Once again in this issue, we share the results of the annual Canadian Lawyer corporate counsel survey, which gauges the relationship between in-house counsel and their outside legal service providers. It’s not surprising that one of our main findings is that the economy, and its current state of instability, is having an effect on corporate law departments.
In September, the Competition Bureau released a post-study assessment to its 2007 report that looked at restrictions impeding competition in five professions, including the law. The profession had been on tenterhooks as to what the assessment would say and how it would affect the regulation, in particular, of the profession across the country.
This month’s cover story, “A decade on,” examines the state of anti-terrorism laws in Canada over the decade since the Sept. 11, 2001 attacks in the United States. These efforts have two difficult issues to surmount, and they are the same ones faced by many countries, including the U.S.: how to heighten security while balancing individual rights and freedoms, and how to fight a “war” on terror that’s often beyond national borders and doesn’t involve a state player. Not an easy task for any government.
Monday, 01 August 2011 12:03 Written by Philip Slayton
The big news of this issue is, of course, our second annual Top 25 Most Influential list. Our first effort last year got quite a bit of feedback, and we took that into account when planning this latest edition. Nominations came from readers, members of last year’s list, as well as an internal panel of Canadian Lawyer and Law Times writers and editors. We think it’s a pretty good mix of people and really showcases some of the influential voices in the legal profession in Canada.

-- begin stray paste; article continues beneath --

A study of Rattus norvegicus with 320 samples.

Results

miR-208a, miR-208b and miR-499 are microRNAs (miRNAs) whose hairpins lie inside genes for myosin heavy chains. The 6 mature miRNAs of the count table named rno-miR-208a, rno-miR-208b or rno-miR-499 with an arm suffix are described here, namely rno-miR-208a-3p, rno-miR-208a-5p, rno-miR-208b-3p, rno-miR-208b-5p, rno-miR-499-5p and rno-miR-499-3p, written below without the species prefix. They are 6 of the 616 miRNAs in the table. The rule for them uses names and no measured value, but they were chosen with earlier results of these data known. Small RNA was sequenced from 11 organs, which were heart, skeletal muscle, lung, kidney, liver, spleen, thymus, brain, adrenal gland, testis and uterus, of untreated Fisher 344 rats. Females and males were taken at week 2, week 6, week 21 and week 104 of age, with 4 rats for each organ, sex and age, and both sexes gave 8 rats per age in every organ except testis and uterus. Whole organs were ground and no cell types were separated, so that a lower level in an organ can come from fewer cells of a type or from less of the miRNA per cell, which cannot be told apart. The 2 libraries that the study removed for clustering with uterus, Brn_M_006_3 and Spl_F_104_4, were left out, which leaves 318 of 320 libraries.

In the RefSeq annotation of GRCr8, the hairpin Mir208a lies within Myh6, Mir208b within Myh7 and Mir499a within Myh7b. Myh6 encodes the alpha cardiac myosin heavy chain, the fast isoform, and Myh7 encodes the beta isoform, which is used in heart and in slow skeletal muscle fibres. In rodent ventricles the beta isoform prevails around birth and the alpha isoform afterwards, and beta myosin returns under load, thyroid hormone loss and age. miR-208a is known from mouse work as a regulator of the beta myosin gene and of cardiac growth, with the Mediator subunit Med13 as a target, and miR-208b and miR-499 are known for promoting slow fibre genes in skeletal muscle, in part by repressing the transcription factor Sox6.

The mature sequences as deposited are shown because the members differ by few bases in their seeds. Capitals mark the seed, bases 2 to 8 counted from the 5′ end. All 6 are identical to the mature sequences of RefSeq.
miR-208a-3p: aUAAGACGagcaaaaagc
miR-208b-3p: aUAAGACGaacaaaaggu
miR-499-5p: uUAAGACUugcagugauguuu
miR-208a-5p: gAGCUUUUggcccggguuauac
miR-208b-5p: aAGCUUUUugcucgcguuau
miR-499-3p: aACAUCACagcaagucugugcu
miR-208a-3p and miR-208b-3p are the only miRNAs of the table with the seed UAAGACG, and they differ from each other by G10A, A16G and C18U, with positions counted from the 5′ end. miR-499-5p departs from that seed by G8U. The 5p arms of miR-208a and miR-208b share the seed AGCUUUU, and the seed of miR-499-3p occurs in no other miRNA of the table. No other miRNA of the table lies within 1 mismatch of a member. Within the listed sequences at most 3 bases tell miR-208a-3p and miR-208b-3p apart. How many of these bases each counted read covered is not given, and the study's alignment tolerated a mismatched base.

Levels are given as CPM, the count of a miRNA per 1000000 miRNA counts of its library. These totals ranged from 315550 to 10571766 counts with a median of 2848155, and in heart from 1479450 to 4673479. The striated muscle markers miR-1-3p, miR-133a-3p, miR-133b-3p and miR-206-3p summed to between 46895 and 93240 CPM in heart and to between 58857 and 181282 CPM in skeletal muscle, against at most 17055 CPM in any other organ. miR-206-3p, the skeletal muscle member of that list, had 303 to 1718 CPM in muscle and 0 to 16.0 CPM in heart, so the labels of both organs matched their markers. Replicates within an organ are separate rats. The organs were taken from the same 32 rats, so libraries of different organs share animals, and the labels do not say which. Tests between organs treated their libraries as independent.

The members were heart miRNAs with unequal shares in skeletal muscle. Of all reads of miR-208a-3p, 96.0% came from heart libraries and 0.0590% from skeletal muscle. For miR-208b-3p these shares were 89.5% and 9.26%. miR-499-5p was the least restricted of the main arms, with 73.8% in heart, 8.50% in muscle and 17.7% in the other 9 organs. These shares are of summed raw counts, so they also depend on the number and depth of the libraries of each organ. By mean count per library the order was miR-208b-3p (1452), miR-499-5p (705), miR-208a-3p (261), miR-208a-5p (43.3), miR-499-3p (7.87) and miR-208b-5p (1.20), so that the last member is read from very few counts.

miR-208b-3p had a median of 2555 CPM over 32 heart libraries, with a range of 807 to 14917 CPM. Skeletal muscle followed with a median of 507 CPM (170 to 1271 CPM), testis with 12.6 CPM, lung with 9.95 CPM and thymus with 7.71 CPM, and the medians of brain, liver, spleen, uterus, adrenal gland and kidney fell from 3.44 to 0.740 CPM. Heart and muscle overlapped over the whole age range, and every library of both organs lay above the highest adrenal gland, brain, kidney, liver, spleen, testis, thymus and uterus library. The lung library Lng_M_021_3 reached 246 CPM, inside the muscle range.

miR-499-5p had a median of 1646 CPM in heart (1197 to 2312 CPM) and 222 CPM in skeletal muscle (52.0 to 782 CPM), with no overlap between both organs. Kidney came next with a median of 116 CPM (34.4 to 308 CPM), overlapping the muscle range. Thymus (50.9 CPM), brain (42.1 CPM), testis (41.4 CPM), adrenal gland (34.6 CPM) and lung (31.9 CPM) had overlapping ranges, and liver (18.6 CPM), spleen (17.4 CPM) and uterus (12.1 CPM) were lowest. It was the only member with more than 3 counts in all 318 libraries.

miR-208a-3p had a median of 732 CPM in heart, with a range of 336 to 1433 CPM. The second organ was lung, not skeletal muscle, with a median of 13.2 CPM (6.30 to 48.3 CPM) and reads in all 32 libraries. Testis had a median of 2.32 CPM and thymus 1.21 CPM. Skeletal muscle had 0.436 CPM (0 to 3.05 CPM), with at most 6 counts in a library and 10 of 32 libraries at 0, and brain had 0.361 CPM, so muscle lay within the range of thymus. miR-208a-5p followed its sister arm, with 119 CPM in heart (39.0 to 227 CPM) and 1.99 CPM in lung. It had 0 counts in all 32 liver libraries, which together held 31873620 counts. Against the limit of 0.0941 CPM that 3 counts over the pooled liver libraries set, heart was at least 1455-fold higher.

|Art director Bill Hunter, staff writer Robert Todd, and myself celebrating our success at the KRW Awards last month. Photo: Heather Gardiner|
A recent U.S. court decision reminds us of the importance of considering potential third-party-beneficiary issues when drafting contractual indemnity provisions in Canada. On March 3, the New York Supreme Court (Appellate Division) upheld a lower court decision giving Diamond Castle Partners, a U.S. private equity firm, the right to sue IAC/InterActiveCorp. for damages for breach of representations IAC made in connection with the sale of its subsidiary, PRC LP, in late 2006. Diamond Castle was not a party to the purchase agreement. Instead, the representations were made to Panther/DCP Acquisition LLC, an affiliate of Diamond Castle formed for purposes of completing the acquisition. After the deal closed, PRC and Panther merged. In January 2008, PRC filed for bankruptcy and Diamond Castle’s equity interest in PRC was extinguished as part of the ensuing reorganization.
For both partners and associates at law firms, it’s all about the money. And I don’t mean that in a derogatory way. The way lawyers get paid and earn revenue is at the heart of most law firms. Every law firm — no matter what type of law you practise, where you are located, or how many people there are in your firm — needs to make money in order to stay afloat. But you may be surprised at how “shy” Canadian lawyers are to talk about money.